Bureau Valley School Board seeks $12 million bond issue

November 17, 2017 GMT

MANLIUS – Framed basketball uniforms from Bureau Valley’s founding school districts — Manlius, Walnut, Wyanet, Buda and Sheffield — cover part of a wall in the room where the Bureau Valley School Board met in special session Tuesday night.

The seven board members’ focus was not on the past, though, but on the 22-year-old district’s future as they reviewed more than $11.1 million in building expansions and facility upgrades proposed at three sites, then voted 6-1 to place a $12 million bond referendum on the March 20 ballot to pay for it.

The project’s centerpiece is a slightly more than $6.1 million classroom addition on the west side of Bureau Valley High School in Manlius to house all district junior high students and third- through fifth-graders from the south portion of the district.


A new $3.4 million gym addition on the high school’s east side, for use by junior high and elementary students, is part of the expansion, and other smaller projects in Wyanet and Walnut are planned.

“I’m excited about the educational opportunities this could bring to our students,” board member Lynn Olds said.

“I think the public is ready,” board member Matt Wiggim said. “I think it’s a good plan.”

If the referendum is approved, taxpayers could expect the district’s tax rate, about 94 cents per $100 assessed valuation, to stay essentially the same.

That’s because bonds for the initial construction of the high school in the 1990s will be paid off and the tax levy is set to drop. But if voters say yes to the referendum and the 94-cent rate is retained, it could pay off the $12 million bond issue in 12 years, David Pistorius from First Midstate Investment Bankers said.

Other advantages to the project as presented, compared to a previous plan vetoed by voters, are that it is $5 million less costly, all the work would be done at once, and it won’t push up against the district’s debt limit.

In April, voters nixed a $17 million bond referendum, 1,610 to 604, that would have built a new school in Sheffield, made improvements or additions to Bureau Valley High School in Manlius and Bureau Valley North in Walnut, and ultimately shut down schools in Wyanet and Buda.

Tuesday night, other professionals spoke regarding the project’s architecture, engineering and construction.

As a drawing of the proposed additions was shown on a large video screen, Steve Nelson from Larson and Darby Group spoke by speaker phone about the plans, which feature about a dozen rooms devoted to junior high and half a dozen to grades 3-5, along with a multipurpose room, warming kitchen, offices, restrooms and other rooms.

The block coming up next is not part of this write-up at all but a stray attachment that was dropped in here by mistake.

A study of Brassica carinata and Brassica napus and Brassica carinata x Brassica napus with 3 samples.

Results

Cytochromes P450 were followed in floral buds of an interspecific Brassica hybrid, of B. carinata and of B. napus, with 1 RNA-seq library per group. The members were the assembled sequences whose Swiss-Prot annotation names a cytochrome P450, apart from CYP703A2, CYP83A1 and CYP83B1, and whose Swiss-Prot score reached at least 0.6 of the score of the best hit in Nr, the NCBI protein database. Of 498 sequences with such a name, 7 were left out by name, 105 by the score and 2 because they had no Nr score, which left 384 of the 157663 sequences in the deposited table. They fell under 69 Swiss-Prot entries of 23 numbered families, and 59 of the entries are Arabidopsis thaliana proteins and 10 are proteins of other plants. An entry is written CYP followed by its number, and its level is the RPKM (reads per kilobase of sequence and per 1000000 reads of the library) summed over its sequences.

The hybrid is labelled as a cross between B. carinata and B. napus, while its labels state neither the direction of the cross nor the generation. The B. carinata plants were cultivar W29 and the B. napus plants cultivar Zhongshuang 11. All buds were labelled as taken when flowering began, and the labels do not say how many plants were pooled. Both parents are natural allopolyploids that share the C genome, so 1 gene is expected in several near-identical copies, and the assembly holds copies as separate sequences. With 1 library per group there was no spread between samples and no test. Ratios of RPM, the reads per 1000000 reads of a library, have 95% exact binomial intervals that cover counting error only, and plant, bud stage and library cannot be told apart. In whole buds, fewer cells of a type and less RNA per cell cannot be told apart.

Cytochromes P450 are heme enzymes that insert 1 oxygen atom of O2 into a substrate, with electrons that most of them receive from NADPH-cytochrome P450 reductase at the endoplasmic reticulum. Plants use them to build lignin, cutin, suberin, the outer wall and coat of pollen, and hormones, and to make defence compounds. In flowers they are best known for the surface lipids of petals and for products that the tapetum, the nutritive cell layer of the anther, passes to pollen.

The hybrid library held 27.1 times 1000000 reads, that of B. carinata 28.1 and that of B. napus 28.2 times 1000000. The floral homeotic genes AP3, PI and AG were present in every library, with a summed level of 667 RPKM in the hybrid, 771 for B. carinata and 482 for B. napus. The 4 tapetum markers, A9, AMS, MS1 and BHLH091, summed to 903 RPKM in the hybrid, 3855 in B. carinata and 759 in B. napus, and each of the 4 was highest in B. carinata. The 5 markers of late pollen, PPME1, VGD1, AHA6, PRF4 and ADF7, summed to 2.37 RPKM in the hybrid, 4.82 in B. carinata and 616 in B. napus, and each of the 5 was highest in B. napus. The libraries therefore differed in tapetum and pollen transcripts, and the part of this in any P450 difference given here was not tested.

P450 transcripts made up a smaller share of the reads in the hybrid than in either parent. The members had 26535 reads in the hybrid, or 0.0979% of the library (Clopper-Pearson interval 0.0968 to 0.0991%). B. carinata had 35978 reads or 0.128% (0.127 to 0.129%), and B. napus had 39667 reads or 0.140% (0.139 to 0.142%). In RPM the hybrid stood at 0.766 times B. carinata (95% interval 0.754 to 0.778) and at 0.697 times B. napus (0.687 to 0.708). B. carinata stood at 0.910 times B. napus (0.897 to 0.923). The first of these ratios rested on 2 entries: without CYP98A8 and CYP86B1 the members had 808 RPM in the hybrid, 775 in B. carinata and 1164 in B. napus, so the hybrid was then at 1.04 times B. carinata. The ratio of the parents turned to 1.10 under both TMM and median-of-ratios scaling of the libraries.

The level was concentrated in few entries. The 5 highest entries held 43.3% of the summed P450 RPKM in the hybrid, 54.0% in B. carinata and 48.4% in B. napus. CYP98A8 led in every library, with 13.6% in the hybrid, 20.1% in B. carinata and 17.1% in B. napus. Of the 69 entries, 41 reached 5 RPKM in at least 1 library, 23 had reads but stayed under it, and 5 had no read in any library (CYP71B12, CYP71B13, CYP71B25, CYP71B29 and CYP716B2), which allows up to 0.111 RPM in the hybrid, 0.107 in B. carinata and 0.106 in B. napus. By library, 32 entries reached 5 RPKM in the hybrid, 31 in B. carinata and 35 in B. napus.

Board member Kent Siltman, who cast the lone “no” vote, expressed concerns that the addition lacked a library, prompting a response from Superintendent Eric Lawson.

“My feeling is the need for media centers is obsolete,” Lawson said, pointing to the proliferation of handheld digital devices in education.

Siltman said he believes the reading of physical books is still important, commenting, “I would advocate for it (a library).”

Jeffrey Smith from Willett Hofmann & Associates said the engineering firm he represents would survey the entire property to plan drainage, sidewalks, parking lots, and sewer and water connections.

Plans call for the entire school complex to discontinue using a septic system and be hooked up to the village of Manlius’ wastewater treatment system That would entail a new 2,500-foot sewer line constructed from the school eastward to the village’s last manhole near the Kory building.

Chris Tyra of Midwest Construction Professionals broke down other aspects of the project:

• The size of the classroom addition would be 26,740 square feet; the gym addition would be 14,275 square feet. A contingency of more than $300,000 was built into the cost estimates, he said.

• $1.5 million would be spent to provide new heating, ventilation and air conditioning upgrades at Bureau Valley North in Walnut and Bureau Valley Wyanet, plus gym bleacher replacement at Bureau Valley North.

• $60,000 would be spent to resurface the parking lot at Bureau Valley North.

• Another $60,000 would be spent to resurface the parking lot at the existing high school.

Board President Don King said the project would provide “added educational value” to students and families, and that with any extra money left over, other needed projects could be undertaken.

“Bureau Valley needs something to happen. It really needs something to happen,” King said.

King said he expects that informational meetings regarding the referendum would be scheduled in January and March, ahead of the March 20 primary.